And then there’s the desk — or “secrétaire,” as the new ambassador calls it. (His previous post was in Paris.) It’s a striking addition to the drawing room, decorated in reds and golden-yellow with exotic characters from far-off places. But the most striking thing about it is how well it matches the couches, the curtains and the carpets. It fits in so well, it looks as if it’s been here forever.
A little like Peter Westmacott himself, who has the air — as he eases into his favorite golden-yellow couch (the one he says is best for his troublesome back) — of a man who belongs.
That sense of belonging will be put to the test this week. On Tuesday, just two months after his arrival, Westmacott, 61, will welcome his boss, British Prime Minister David Cameron, for the kind of official visit that an ambassador might expect to oversee once in a four-year tenure.
Cameron will stay at Blair House, eat lunch at the State Department and dine at the White House on Wednesday night. Westmacott says he and his staff “have lots to do to make sure we get that right,” that “nothing is left to chance.” For, as the man who’s reached the tippity top of the British diplomatic tree will tell you, when you are preparing for very big events, little things matter.
He’s seen breaches of protocol — such as foreign leaders breaking the don’t-touch-the-queen rule — send the British press “bonkers.” In contrast, a “most perfect demure curtsy” that Carla Bruni, wife of French President Nicolas Sarkozy, executed upon meeting the queen in 2008 was the thing that convinced Westmacott that the visit “was going to be a success.”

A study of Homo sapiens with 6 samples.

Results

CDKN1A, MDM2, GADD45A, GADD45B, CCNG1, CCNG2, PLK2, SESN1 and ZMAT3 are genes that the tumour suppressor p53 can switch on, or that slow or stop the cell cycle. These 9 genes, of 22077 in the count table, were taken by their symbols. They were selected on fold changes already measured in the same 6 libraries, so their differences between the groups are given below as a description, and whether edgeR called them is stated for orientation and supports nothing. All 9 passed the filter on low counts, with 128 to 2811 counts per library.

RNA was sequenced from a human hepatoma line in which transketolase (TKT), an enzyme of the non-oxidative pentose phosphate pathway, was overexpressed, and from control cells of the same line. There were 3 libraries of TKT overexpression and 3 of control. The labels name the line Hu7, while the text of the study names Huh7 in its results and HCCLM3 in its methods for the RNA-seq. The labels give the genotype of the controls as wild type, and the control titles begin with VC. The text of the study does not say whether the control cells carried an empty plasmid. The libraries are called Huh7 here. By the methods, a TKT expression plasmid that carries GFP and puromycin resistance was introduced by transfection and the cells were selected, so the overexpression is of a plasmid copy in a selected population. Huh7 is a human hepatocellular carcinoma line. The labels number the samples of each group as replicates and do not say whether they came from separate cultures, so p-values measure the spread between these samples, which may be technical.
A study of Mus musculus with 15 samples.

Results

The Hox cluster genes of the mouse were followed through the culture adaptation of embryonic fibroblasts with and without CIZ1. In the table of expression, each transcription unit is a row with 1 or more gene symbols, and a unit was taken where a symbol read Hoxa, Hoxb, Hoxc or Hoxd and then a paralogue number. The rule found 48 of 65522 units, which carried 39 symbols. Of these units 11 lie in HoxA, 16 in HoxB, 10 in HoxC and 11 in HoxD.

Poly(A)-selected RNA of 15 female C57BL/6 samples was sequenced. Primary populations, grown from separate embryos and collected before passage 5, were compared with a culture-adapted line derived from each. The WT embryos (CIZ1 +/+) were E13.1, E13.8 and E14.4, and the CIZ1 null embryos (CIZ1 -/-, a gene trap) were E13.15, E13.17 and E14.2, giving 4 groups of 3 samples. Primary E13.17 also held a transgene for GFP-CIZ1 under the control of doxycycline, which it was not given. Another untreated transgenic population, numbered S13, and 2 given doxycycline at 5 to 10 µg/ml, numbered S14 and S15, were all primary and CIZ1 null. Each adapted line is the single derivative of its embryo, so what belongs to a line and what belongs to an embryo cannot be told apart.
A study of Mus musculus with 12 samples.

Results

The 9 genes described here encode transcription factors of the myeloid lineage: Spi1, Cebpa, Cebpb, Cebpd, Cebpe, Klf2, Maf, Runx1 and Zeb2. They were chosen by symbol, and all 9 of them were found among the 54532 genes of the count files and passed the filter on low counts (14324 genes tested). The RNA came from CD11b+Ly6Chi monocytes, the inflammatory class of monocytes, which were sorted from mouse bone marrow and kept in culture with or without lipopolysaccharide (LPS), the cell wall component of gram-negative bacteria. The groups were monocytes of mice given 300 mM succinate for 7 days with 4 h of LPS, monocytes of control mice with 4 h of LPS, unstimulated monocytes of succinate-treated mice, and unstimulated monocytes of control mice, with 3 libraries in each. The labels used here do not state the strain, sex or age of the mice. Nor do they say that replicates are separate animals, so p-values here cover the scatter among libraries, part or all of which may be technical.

Overshadowing this prime minister’s visit in many people’s memory is the previous prime minister’s visit in 2009, when it was the home team that scored an own goal.
The gaffe then was over gifts.
Prime Minister Gordon Brown brought Obama framed commissioning papers for HMS Resolute, the ship from which the Oval Office desk is hewn; a pen holder carved from the timbers of HMS Gannet, which served on anti-slavery missions; and a hefty biography of Winston Churchill, who put special emphasis on the special relationship.
Obama reciprocated with a set of 25 American movie classics — which turned out to be incompatible with British DVD players.